Foxtons is shutting its Park Lane office - the flagship of the agency in prime central London’s Mayfair.
Estate Agent Today was tipped off about the closure last week but was unable to confirm the move - now it is happening, with the office relocating to Marylebone.
A statement from the company says: "We believe it’s the service we deliver that makes Foxtons the best place to buy, sell, let or rent a property. That’s why we’re dedicated to setting the standard for the property industry, and always looking for new ways to serve our customers better. We recently launched a new Foxtons Prime sales and lettings team focused on providing a bespoke service for high-net-worth individuals and their £3m+ properties. The team will be moving from their dedicated offices in Park Lane to our flagship Marylebone office to join up with our other services. The team will continue to cover Mayfair and the rest of Prime Central London whilst also working across our network of 65 branches in Greater London.”
Foxtons has, in recent years, suffered a loss of market share and sharp financial problems, as the London housing market has undergone a series of blows thanks to affordability issues, stamp duty reforms and Brexit uncertainty.
In addition, some analysts suggest commercial rents for a large property in such a prime location would have been a factor in the decision.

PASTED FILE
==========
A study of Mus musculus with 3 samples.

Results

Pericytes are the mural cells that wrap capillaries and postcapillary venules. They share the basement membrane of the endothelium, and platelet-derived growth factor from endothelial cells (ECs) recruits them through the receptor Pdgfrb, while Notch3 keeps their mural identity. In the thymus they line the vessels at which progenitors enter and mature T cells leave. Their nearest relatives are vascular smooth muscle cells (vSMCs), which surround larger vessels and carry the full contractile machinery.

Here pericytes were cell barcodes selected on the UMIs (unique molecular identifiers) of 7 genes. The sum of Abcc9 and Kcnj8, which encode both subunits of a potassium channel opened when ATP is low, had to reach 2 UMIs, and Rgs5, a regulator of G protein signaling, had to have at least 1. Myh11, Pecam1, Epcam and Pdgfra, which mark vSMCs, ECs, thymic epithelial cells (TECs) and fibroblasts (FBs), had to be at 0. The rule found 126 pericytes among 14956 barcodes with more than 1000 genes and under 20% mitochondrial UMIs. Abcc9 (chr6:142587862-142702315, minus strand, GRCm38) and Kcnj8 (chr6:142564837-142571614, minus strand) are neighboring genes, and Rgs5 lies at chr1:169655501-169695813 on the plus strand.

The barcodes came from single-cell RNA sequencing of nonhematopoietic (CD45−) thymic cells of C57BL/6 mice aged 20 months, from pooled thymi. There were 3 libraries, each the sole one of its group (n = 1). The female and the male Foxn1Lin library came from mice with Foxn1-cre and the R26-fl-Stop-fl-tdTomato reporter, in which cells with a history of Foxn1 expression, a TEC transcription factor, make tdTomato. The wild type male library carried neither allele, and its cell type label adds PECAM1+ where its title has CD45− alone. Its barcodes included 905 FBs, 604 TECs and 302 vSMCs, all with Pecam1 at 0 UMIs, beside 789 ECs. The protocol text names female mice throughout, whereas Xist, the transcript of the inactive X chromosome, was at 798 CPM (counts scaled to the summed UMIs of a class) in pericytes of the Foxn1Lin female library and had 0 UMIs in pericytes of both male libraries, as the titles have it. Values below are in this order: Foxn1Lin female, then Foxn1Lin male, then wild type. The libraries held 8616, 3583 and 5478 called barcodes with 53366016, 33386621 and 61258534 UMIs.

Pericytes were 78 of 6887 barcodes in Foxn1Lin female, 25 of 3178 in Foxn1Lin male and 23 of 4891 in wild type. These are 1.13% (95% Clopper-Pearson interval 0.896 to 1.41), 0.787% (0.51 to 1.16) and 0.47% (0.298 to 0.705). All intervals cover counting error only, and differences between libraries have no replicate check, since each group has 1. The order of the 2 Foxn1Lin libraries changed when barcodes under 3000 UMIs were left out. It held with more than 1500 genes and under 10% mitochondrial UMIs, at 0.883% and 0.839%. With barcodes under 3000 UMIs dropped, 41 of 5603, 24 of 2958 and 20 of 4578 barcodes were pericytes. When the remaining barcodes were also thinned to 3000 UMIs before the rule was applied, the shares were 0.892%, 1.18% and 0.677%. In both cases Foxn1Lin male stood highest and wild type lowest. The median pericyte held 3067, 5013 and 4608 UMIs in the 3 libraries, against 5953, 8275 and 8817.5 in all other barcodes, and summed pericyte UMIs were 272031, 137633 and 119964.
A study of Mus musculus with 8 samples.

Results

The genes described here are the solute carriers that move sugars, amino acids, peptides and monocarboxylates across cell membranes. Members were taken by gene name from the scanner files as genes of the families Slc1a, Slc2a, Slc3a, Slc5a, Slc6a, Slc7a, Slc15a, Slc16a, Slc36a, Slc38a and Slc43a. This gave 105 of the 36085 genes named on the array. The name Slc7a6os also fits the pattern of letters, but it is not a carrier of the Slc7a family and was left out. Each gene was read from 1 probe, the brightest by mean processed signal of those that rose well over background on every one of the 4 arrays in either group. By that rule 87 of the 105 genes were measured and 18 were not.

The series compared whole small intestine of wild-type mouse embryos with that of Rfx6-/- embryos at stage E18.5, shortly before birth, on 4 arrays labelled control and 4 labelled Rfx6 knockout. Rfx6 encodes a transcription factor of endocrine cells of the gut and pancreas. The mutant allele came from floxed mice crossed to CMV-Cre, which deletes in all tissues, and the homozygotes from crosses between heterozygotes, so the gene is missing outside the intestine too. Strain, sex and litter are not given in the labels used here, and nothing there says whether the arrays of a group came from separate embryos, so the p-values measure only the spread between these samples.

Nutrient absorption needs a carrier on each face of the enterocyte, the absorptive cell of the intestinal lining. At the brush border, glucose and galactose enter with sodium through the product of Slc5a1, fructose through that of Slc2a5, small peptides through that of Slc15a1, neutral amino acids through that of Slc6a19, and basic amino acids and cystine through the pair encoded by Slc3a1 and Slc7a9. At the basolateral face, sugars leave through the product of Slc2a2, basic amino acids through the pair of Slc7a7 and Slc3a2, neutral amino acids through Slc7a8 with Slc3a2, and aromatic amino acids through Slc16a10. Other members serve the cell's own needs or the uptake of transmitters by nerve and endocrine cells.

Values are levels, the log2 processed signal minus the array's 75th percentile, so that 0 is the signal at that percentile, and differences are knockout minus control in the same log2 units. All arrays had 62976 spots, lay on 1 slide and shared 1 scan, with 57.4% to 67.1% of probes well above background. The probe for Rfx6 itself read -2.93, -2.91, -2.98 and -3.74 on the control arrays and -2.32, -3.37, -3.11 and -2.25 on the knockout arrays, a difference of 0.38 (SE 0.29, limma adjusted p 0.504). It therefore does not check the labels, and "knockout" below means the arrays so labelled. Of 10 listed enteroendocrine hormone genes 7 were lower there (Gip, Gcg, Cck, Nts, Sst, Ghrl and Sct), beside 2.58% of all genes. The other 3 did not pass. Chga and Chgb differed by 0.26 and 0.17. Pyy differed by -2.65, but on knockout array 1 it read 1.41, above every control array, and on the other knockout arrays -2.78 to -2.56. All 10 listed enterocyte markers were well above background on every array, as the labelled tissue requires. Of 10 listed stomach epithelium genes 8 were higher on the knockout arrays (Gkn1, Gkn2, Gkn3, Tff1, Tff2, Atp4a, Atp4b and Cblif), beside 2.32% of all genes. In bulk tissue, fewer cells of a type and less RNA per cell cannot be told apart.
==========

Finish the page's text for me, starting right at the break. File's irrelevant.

In August a trading statement by Foxtons revealed the company plunging into the red for the first time in a decade following a massive 23 per cent slump in sales. It sold only 1,188 homes in the first six months of this year.
In response to the problem the agency announced that it was embarking on a rare advertising campaign, using a company owned by the largest independent creative agency in the world, M&C Saatchi. The emphasis would be on Foxtons’ strong sales record, with on-street and social media advertising.
Over the summer, Foxtons chief executive Nic Budden told shareholders: “The property sales market in London is undergoing a sustained period of very low activity levels with longer and less visible transaction outcomes” but he insisted “we remain confident of our long-term prospects.”
It is not known when Foxtons staff were told of the closure; when EAT checked with contacts at the company last week, following a tip-off, they claimed not to know of the possibility of the office closing.